Ross Stores Inc. proved it’s a good time to be an off-pricer, on Wednesday posting double-digit earnings and sales growth in the second quarter while boosting expectations for the year.
This story first appeared in the August 21, 2008 issue of WWD. Subscribe Today.
Net income for the quarter shot up 40.2 percent to $71.3 million, or 54 cents a diluted share, compared with $50.9 million, or 37 cents, a year ago. Sales advanced 13.6 percent to $1.64 billion from $1.44 billion as comparable-store sales rose 6 percent.
For the six months, earnings jumped 27.9 percent to $150.8 million, or $1.13 a diluted share, on a 12 percent rise in sales to $3.2 billion.
Ross managed to push comps up 4 percent in California and Florida, two of the markets hit hardest by the fallout in the housing market.
Dresses, accessories and shoes were the strongest sellers at the chain, which said it benefited from the $600 tax rebate checks sent to consumers and the favorable weather during the quarter.
A down economy can be a boon for off-pricers. Not only do they sell branded goods at a discount, but they pick up better deals when their full-price competitors are trying to thin inventories. The TJX Cos., an off-price competitor, also posted strong second-quarter results last week, with earnings up 239 percent.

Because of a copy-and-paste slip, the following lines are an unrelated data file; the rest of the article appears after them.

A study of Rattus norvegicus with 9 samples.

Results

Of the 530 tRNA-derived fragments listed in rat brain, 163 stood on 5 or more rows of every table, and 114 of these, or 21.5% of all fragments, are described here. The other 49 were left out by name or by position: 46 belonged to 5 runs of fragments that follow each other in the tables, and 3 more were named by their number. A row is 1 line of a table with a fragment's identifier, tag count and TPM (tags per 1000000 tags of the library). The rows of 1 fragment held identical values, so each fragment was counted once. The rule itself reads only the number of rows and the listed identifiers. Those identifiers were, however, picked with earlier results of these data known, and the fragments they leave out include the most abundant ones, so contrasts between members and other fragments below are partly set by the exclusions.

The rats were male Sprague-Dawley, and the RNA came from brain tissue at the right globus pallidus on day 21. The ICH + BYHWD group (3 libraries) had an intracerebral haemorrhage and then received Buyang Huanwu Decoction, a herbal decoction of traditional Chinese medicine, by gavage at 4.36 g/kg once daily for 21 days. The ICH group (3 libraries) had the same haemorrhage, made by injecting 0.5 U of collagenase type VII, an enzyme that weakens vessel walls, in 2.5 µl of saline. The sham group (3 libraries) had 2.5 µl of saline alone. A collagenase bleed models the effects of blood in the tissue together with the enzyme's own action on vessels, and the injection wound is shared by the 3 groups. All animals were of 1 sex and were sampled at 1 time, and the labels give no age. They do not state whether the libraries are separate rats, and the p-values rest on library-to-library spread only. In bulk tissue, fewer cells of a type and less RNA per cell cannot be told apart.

“During these times, we benefit from the increased supply of great brands at significant discounts like we continue to see today,” said Michael Balmuth, vice chairman, president and chief executive officer, on a conference call with analysts.
Despite the strong results so far this year, the retailer, which operates 817 Ross and 45 dd’s Discounts stores, said it is taking a cautious approach and maintaining plans for a 2 to 3 percent comp-sales gain in the back half given uncertainty in the economy. The Pleasanton, Calif.-based Ross is looking for earnings of $2.33 to $2.38 a share for the full year, up from previous projections of $2.19 to $2.29. Last year, Ross had profits of $1.90 a share.